By Patrick Markey
First Lady Hillary Clinton is taking flak from one section of Irish gay community over her decision to march in the New York City St. Patrick’s Day Parade, which for the last decade has banned gay and lesbian group from marching.
Clinton, who is campaigning for a New York Senate seat, marched in a Queens parade last week that included open participation by gay groups. But the Irish Lesbian and Gay Organization, which protests the main Manhattan parade every year, launched a fresh attack against the first lady after Clinton appeared at a Wednesday meeting for independent Democrats in Manhattan.
"Hillary Rodham Clinton claims she supports the principle of inclusion, but her decision to march in the exclusionary St. Patrick’s Day parade makes a mockery of that position. How can she support inclusion and bigotry at the same time?" the group said in a statement released after the meeting.
"Saying you stand for inclusion and then marching in a parade whose recent history has been all about gay-bashing is outrageous," the statement said.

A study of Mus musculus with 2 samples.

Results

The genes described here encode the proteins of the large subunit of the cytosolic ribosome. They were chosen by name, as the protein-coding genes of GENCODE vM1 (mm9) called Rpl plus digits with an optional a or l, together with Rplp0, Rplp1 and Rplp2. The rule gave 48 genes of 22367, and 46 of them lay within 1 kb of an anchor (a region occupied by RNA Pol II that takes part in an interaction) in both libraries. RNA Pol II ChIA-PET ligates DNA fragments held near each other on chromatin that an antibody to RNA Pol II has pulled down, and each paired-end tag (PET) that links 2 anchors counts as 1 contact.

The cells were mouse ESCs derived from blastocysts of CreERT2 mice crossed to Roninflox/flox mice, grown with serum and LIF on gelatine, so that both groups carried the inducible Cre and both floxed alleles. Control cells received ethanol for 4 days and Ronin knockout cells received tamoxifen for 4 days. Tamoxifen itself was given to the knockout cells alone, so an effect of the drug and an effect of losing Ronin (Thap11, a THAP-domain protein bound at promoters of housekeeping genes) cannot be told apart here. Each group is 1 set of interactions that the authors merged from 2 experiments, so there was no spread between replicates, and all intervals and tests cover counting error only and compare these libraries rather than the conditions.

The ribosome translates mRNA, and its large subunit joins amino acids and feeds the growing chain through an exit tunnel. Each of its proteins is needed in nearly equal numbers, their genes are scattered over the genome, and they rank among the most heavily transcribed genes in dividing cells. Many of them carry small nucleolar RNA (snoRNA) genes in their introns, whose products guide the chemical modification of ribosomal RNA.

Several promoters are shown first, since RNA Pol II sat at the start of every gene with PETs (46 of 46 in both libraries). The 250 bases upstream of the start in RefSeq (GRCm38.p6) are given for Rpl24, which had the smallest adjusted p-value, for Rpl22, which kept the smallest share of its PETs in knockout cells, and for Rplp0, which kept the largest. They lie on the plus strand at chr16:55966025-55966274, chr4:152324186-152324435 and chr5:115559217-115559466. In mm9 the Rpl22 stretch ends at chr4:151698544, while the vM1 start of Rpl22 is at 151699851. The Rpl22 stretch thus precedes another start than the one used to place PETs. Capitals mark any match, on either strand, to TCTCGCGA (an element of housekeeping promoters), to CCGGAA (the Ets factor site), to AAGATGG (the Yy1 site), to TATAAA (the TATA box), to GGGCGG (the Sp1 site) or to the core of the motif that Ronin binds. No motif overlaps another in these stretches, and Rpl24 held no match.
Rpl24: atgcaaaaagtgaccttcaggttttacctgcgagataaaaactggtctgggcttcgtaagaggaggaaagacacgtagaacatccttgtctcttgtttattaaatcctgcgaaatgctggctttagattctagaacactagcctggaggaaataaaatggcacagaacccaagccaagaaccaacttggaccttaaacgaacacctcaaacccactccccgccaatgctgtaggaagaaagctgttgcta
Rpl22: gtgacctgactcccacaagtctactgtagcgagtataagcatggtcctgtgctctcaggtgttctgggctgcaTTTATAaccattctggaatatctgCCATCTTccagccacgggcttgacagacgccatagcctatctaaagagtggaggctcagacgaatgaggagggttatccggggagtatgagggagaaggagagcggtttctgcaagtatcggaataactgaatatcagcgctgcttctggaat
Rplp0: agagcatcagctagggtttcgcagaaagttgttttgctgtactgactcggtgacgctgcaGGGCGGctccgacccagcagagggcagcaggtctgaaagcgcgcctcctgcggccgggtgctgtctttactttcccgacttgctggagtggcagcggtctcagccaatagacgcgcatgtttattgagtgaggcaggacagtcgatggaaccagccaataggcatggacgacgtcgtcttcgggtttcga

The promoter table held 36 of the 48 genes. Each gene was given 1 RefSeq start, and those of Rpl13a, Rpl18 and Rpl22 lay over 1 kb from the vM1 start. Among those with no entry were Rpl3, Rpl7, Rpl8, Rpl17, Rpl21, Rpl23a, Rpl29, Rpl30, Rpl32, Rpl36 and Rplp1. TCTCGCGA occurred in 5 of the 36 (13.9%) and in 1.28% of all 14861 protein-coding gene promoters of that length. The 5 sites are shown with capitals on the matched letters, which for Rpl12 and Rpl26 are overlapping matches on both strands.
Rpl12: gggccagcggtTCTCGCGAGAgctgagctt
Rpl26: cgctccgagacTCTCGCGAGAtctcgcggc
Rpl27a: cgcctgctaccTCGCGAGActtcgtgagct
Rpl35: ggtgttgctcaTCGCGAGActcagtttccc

Clinton had initially wavered on whether she would march in the Fifth Avenue parade, which has been at the center of a controversy for 10 years. A number of city and state Democrats do not march in the parade, but Clinton’s likely opponent in the senate race, Mayor Rudy Giuliani, puts in an annual appearance.
Last weekend Clinton joined a host of local Democrats to march through Sunnyside and Woodside for the first St. Patrick’s Day parade. Another Irish gay group, the more moderate Lavender and Green Alliance, pushed for inclusion in the parade as part of the Irish community.
Although the alliance hailed the Queens parade as a victory against discrimination, ILGO continues to dog Clinton on her participation in the Fifth Avenue march.
"It’s totally hypocritical," said Anne Maguire, an ILGO spokeswoman. "We knew she would use the Queens parade as a step into the Manhattan parade. We can march in the boroughs as much as we want but that doesn’t mean we’ll end up in the Manhattan parade," she said.
A Clinton campaign spokeswoman said only that the first lady would be marching in the parade.
ILGO has promised a large turnout for this year’s protest. Already 30 supporters had arrived on Monday from Ireland to join in the demonstration, Maguire said.